Is it time for a new Prayer for the State of Israel?

Jewish culture By Rabbi Peretz Rodman 29th Apr 2020

The prayer for the State of Israel that is ubiquitous in Israeli synagogues, and recited by many congregations around the world, begins by addressing God as our familiar saviour: Avinu she-ba-shamayim, Tsur Yisrael ve-go’alo – ‘Our heavenly Father, Israel’s Rock and Redeemer…’ The prayer was composed in the first months of independence by Isaac Halevi Herzog, the Ashkenazi chief rabbi of Israel at the time, and edited by the distinguished author Shmuel Yosef Agnon. That prayer for the struggling little country, outnumbered in a war of survival and facing severe economic hardship, first appeared in the newspaper Ha-tsofeh on 20 September 1948, bearing the imprimatur of both chief rabbis, Herzog and Sephardi Chief Rabbi Uzi’el.

What prayer is appropriate for a tiny new state, with very limited resources, besieged by attackers? Perhaps a prayer for rescue, or a plea for victory to ensure survival? One would think the requests would be modest, expressing reasonable expectations. One would be wrong.

The tone does start without bombast: ‘Bless the State of Israel, the first flowering of our redemption.’ The messianic hopes are in check; the country is just the budding of what might flower and flourish. Then, after calling on the Lord to extend providential care to the country’s leaders, and ensure protection and victory for its armed forces, we hear shofarot sound, to herald the grand ingathering of all the exiled Israelites. Those redeemed Jews will become ‘more prosperous and more numerous that (their) ancestors.’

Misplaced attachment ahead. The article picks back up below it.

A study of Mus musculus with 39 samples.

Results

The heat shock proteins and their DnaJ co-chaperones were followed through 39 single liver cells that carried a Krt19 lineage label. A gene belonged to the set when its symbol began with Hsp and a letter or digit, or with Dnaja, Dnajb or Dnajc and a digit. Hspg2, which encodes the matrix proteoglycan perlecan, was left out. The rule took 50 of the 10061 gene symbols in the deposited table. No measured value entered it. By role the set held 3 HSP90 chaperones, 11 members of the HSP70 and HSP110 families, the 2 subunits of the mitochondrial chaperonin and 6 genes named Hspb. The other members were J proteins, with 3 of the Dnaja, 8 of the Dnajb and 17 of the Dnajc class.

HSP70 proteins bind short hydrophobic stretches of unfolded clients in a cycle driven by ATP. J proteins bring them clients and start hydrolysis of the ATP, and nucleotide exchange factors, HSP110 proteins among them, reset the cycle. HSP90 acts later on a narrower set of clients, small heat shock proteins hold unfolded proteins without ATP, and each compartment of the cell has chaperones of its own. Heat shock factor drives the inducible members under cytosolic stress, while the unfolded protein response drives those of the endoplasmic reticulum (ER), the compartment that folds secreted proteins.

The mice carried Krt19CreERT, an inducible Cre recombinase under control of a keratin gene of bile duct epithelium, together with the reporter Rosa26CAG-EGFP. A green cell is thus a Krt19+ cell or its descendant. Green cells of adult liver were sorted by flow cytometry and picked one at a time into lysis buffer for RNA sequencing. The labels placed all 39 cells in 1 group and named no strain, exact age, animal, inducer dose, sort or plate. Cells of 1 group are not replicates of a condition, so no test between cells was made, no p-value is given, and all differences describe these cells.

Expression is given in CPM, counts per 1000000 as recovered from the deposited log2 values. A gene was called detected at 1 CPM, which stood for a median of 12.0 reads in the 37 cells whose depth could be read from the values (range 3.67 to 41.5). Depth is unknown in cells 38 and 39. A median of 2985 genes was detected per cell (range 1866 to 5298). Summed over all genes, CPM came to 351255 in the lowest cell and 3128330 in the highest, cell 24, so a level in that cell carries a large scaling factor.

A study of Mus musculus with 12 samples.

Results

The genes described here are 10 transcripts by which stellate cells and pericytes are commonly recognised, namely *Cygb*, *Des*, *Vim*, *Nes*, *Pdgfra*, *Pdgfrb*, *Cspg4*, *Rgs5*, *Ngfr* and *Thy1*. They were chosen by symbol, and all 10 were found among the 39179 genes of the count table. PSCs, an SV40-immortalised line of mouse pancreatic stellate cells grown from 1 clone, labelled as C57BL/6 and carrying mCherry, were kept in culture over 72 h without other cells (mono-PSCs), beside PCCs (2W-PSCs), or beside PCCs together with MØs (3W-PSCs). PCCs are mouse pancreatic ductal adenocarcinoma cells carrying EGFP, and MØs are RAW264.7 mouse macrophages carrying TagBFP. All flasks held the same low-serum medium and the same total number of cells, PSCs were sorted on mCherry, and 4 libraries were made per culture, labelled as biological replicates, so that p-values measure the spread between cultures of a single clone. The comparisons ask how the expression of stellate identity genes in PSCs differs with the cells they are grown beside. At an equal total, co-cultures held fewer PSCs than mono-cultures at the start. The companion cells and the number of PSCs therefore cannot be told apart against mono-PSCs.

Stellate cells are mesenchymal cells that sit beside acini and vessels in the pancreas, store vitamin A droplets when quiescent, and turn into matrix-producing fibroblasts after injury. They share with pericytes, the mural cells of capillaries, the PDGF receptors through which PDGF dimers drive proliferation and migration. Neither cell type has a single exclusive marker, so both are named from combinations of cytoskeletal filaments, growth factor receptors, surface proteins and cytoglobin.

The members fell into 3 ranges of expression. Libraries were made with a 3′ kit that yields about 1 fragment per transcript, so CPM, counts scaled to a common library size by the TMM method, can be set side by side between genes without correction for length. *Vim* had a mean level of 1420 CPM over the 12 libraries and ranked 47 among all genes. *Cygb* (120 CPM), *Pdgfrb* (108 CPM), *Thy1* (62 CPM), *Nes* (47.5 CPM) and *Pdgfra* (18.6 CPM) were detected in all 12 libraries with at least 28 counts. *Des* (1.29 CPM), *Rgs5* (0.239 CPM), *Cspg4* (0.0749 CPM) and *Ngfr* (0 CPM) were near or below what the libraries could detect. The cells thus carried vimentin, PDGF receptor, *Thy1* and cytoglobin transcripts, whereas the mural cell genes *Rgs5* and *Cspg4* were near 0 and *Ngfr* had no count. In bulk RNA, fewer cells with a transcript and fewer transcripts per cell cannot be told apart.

The background music swells; we call on the new state to herald the arrival of the Messiah, followed by a grand universal theophany – ‘Appear in Your glorious majesty over all the dwellers on earth…’ Now a crescendo: the universal recognition that the plucky little country’s deity is the Sovereign of the Universe: ‘and let all who breathe declare: “The Lord God of Israel is king and His kingship has dominion over all.” Amen! Sela!’

What outlandish hopes for a country fighting all its neighbours, its slapdash army armed with a hodgepodge of hastily procured weapons! Would it not have been sufficient to hope for food and new immigrants to make their way safely into the ports? For the road to Jerusalem to be passable without danger? For there to be quiet on the sandy beaches of the Mediterranean? Why the grandiose dreams? What kind of delusional patriots were those founders?

They were Jews. For centuries, their ancestors had punctuated their year with two peak moments at which they sang ‘Next year in Jerusalem!’ They were raised to pray daily for the reunion of the Jews in Eretz Yisrael and inspired by Herzl and his successors to devote themselves to creating a new society of Hebrew-speaking Jews in our homeland. The very fact of success in attaining independence, even under the threat of annihilation, ignited their imaginations.

High hopes and lofty goals have their place, especially when fighting against all odds for an objective that suddenly seems attainable. Is it sensible today, though, when Israel is an established fact, a financially stable OECD country, and a powerhouse of technical innovation, to retain the original prayer? Or is this the time to adopt a more modest pose and tone down the rhetoric? The lovely mi she-berakh for the State of Israel in the Singer’s prayer book, for example, asks for divine guidance for the State, protection for its armed forces, and peace for its inhabitants and for all humankind. Isn’t that enough? Or must one set one’s sight on the horizon in order to take steps forward? What do you think?

Rabbi Peretz Rodman is a Jerusalem-based writer, translator, and teacher.